This whole blog is called Fail Faster and it might have all stemmed from this one key learning moment back when Sen and I designed a game called The Dig. We had come up with an idea about archaeologists who must collaborate in order to win. Players would be given some sort of abstracted “nice” token every time you shared or participated in someone else’s dig. You needed these “nice” tokens in the game as they were a currency to acquire things with points on them. It seemed interesting so Sen and I went into game design mode.

We started with spreadsheets and figured out all the variables we wanted in the game, and then figured out a distribution for each of the different types of cards in the game. Many hours later we think we have a nicely balanced set of cards and so we start to make these cards in our art program (I still use Corel Draw!). We got clipart for all the icons (this was back in the day before you could just google something – we actually had clipart on discs that we had to manually search through!), and created a layout for the cards. Many more hours later we have all the cards and boards made in our art program – and not a moment too soon because in an hour we had a few friends coming over to test it! Send it to the printer!
We print the 32 sheets of paper and get to work cutting, gluing to matte board and sleeving. I think we were still sleeving when our friends showed up, but we were able to get it to the table and see how much of our 6-12 hours (12-24 people hours) would result in awesomeness.

Not that much apparently. It was a complete failure. The core concept just didn’t work and things were not that fun right from the get-go. There were issues with some rules where we didn’t think things through and didn’t have a great answer, and had to just make it up on the spot. The players were frustrated, and Sen and I were hugely disappointed.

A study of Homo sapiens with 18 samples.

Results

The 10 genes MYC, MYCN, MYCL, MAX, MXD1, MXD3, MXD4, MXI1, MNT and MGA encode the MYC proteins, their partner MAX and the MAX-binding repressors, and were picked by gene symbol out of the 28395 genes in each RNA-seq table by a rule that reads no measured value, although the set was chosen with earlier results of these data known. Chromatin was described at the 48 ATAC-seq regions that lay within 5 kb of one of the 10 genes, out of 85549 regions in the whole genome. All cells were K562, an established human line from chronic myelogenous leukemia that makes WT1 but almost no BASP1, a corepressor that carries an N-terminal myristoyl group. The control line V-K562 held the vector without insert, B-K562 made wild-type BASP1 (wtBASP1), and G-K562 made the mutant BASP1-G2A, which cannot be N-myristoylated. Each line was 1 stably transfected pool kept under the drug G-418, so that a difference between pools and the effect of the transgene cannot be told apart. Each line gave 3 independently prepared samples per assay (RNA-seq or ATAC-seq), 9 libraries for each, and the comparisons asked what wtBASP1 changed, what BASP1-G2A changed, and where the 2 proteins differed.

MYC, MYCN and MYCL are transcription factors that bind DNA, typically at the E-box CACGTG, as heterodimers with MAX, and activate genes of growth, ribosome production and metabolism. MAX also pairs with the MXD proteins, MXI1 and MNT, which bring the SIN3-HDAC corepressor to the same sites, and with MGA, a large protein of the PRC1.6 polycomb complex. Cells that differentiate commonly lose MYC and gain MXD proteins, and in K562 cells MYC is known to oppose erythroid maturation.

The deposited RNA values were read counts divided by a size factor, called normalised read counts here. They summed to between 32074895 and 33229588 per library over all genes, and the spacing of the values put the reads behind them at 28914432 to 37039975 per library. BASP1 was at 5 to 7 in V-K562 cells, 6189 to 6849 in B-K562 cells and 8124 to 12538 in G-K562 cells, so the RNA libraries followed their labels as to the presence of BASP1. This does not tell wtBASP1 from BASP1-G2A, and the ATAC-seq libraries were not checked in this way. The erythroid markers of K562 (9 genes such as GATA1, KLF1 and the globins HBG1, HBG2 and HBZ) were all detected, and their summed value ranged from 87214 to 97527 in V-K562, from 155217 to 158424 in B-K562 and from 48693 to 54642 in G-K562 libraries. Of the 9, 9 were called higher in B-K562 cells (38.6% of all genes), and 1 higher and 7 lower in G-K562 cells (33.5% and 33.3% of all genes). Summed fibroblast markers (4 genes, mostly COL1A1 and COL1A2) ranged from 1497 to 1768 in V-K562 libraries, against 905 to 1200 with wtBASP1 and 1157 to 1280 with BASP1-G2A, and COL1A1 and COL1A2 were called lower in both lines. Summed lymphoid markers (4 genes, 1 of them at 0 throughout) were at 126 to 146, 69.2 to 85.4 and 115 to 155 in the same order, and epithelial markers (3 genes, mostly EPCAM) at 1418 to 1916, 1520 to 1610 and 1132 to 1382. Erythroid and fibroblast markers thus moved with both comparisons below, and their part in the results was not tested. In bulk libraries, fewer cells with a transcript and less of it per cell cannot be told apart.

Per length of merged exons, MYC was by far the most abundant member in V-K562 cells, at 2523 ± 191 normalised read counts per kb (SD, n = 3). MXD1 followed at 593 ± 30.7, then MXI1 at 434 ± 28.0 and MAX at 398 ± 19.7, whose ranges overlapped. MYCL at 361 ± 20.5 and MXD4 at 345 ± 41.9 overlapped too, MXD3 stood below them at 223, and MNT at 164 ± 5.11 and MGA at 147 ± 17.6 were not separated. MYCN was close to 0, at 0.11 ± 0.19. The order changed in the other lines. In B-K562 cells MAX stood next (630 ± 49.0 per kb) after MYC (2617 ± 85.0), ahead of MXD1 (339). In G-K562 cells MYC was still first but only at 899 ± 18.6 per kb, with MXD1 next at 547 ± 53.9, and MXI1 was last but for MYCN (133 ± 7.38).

So where did we fail? Well, the question isn’t where, but when. We didn’t fail soon enough. We spent a ton of unnecessary time balancing all the cards and then making beta-level art and components when we didn’t even know if the game would work or be fun. We didn’t solo-playtest our game and instead subjected our willing playtesters to a game that embarrassed us. I believe we lost some credibility that night with our testers, though they did come back for future playtests fortunately.

So what should we have done? Well, we should have mocked up an alpha prototype earlier on and moved some cards around to see if there was something interesting in our design.

How soon do you make your alpha game? What other are some other dangers of waiting too long to make a prototype?

The quote on the back of the journal, and the title of the journal itself, Fail Faster, is how we should have thought. The game detailed above is one of the main reasons why this journal is called Fail Faster. If we would have made a prototype sooner, so that we could get to the failing sooner, we would have known which aspects weren’t working and if it was worth investing more time.